Outrage Culture: Effects

Profesor Richard Dawkins
Richard Dawkins. (Photo credit: Wikipedia)
Now that we have at least a cursory understanding of what we mean by outrage culture, we can ask ourselves why it is worth discussing. Is it merely an annoyance we are likely to encounter from time-to-time that we should just ignore, or could it affect us in ways we might not like?

From what I have observed, the effects of outrage culture are extensive in the sense that it has changed how people interact with one another. It has impacted businesses and how they deal with their employees, celebrities and how they interact with the public, blogs and how they view their audience, and it has had a pervasive impact at institutions of higher education. Just think of how many times you've read something online and thought to yourself, "The author is going to take some heat for that."

Paradoxically, outrage culture has effectively neutered some genuinely necessary social justice activism (i.e., it is difficult to bring about transformative change when one merely drifts from one outrage to another). It divides activist communities, fueling tribalism and turning potential allies against one another. How are we supposed to make progress on real-world goals when we spend so much of our time fighting with each other on the Internet?

And not surprisingly, outrage culture is a threat to free speech, one which aims to limit the exchange of unpopular ideas for which the Internet has been so beneficial. I have seen many atheists, for example, suggesting that Richard Dawkins should not use Twitter. Why? It seems that he has a tendency to say things with which they disagree. Evidently, it would be preferable for him to remain silent. Outrage culture can even serve to limit the type of material we have access to.

As concerning as all of this should be, I am beginning to think that there is an even more troubling aspect of outrage culture, one that makes it especially toxic and resistant to change: outrage culture seems to provide cover for treating others poorly.

In 2011, Flavia Dzoden (Tiger Beatdown) wrote one of the most comprehensive explanations of this I have yet found:
No, call out culture is toxic because it has developed as a tool to legitimize aggression and rhetoric violence. Its intent, at the root, is seemingly positive. Constructive even. It works more or less like this: I say something ignorant. Perhaps I make a statement that can be constructed as bigoted or maybe “problematic”. A favorite word in call out culture, problematic is more often than not, used to mean “I didn’t like it” or alternatively, “I disagree with you”. But instead of saying you, the audience disagrees with me, you will call my statement “problematic”. And because we have established that we are at once consumers and producers of media content, you create a blog post or a tweet or a Facebook update “calling me out”. And more often than not, in your post, you tell your readers, other prosumers, to please join you in this call out. BECAUSE THIS IS A SERIOUS WRONG THAT NEEDS TO BE CORRECTED! Unbeknown to me, there are now ten posts in ten different blogs and social media platforms calling me a “BIGOT AND THE WORST PERSON EVER”. Each time, every one of these posts escalating in rhetoric and volume. Each new post trying to outperform the previous one in outrage, in anger, in righteousness. This performance of acrimony and reproach turns into the “pile on”. And I will have to apologize for what I said. At this point, since I am nervous and probably anxious because I am being called THE WORST PERSON EVER, my apology will not be stellar. I might dig a deeper hole even, because hey, I cannot properly articulate when I feel that I am under duress. I might, at this point, say something that is truly, really “problematic”, not just perceived as such, but, to put it in plain words, I might say something shitty. AND OMG at this point the “call out” will escalate out of proportion. Now I am not just THE WORST PERSON EVER but since we have established that I was “a known feminist blogger” (and if I wasn’t up to that moment, I am now because my name is all over the internet!), then, it will be known that I, on my own, HAVE RUINED FEMINISM FOR EVER. And I, alone, will be proof of ALL OF FEMINISM’S PAST FAILURES. FOR EVER.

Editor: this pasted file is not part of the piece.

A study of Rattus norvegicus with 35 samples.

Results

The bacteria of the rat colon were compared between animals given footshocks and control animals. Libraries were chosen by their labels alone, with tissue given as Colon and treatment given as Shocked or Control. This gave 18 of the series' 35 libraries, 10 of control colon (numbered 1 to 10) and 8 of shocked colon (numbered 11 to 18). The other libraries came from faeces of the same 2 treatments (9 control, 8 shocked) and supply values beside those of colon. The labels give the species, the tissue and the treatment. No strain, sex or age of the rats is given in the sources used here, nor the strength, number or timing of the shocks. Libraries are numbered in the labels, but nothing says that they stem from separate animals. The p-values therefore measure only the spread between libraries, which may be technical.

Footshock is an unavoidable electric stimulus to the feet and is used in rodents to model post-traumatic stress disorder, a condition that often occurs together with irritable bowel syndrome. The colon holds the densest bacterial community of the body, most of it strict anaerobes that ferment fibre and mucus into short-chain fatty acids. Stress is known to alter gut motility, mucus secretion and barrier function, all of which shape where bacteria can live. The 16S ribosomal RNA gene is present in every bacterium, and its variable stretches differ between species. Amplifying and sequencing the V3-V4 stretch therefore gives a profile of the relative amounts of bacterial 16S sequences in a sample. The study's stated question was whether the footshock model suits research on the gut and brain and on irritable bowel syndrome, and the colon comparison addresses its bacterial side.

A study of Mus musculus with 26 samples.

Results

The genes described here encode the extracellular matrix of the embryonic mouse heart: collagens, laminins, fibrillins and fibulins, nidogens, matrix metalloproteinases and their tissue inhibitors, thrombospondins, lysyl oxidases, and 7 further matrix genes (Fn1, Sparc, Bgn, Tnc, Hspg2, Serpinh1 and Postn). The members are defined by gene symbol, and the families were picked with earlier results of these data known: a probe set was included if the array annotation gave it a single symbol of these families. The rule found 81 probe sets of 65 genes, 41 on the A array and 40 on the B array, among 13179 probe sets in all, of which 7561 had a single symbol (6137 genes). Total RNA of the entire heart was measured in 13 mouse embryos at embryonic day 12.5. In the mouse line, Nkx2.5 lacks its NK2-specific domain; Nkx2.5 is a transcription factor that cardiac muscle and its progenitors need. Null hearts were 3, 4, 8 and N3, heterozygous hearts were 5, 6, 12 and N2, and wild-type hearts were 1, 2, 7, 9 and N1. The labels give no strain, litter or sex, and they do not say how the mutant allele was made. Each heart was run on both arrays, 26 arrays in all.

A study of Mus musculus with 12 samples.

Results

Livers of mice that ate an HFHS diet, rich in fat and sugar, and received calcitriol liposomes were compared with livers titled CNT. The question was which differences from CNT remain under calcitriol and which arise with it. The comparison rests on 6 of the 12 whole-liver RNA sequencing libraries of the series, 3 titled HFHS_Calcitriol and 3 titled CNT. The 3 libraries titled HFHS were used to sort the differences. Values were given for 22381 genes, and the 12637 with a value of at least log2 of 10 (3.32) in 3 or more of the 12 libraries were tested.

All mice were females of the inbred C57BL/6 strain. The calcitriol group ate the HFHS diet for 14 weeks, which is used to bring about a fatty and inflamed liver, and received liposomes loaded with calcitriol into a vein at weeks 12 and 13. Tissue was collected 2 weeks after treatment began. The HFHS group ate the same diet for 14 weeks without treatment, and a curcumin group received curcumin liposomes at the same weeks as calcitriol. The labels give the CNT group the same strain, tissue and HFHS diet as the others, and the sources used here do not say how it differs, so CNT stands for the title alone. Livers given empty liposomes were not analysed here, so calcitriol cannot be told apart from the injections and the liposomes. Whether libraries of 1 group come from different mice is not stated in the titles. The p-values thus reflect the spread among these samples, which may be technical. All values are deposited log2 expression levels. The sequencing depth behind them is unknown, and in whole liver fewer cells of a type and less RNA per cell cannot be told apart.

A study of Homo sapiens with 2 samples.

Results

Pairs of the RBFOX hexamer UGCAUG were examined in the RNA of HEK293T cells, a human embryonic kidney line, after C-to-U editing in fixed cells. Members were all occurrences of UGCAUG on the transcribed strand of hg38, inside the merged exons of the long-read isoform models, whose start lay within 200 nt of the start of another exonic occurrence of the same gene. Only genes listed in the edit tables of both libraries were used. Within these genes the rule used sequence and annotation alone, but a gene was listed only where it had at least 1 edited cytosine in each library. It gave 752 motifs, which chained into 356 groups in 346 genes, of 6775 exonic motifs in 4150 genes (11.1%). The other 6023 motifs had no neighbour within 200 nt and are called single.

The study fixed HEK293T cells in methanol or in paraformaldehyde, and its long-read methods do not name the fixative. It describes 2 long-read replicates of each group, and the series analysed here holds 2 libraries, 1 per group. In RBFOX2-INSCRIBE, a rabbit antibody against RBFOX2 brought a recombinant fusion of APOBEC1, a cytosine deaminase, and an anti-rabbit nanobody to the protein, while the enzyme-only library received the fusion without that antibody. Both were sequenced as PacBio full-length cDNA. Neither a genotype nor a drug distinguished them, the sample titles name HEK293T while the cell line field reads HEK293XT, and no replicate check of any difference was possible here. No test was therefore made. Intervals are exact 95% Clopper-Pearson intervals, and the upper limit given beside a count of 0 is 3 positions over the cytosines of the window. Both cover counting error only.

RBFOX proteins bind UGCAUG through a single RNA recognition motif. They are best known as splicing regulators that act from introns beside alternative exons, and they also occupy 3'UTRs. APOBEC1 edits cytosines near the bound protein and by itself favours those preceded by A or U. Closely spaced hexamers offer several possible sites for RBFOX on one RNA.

The victim of the outrage is thoroughly demonized; the outraged feel perfectly justified. And who pays the price? We all do. The victim either issues apologies and begins walking on eggshells, questioning his or her every word, or digs in and ends up becoming more like the what he or she was accused of being in the first place.

Meanwhile, reasoned discourse is replaced with hotter rhetoric and more outrage. Internet vigilantism and mob justice replace the presumption of innocence. The outraged feel justified in treating others in precisely the same ways about which they are so quick to complain (i.e., harassment, bullying).

In July, Teddy Wayne wrote the following in an article for The New York Times:
Though we are quick to condemn callousness and prejudice as a form of bullying, we less readily interrogate our own participation, even as bystanders, in the widespread attack of a single person, which is a classic example of bullying. We may justify our reaction as appropriate remediation for whatever crime has been perpetrated, but fighting fire with fire rarely elevates the discourse.
As the cycle of outrage repeats, the rhetoric escalates. Greater outrage is needed to obtain the same effect. In a sense, we habituate to the level of outrage so that more will be necessary over time to get the same results. Yesterday, it might have been enough to subtly suggest that something someone said was sexist. Today, we hear people being called "MRAs" and "misogynists." Tomorrow, this might not be good enough to get attention.

For more, see Outrage Culture: When You're the Target.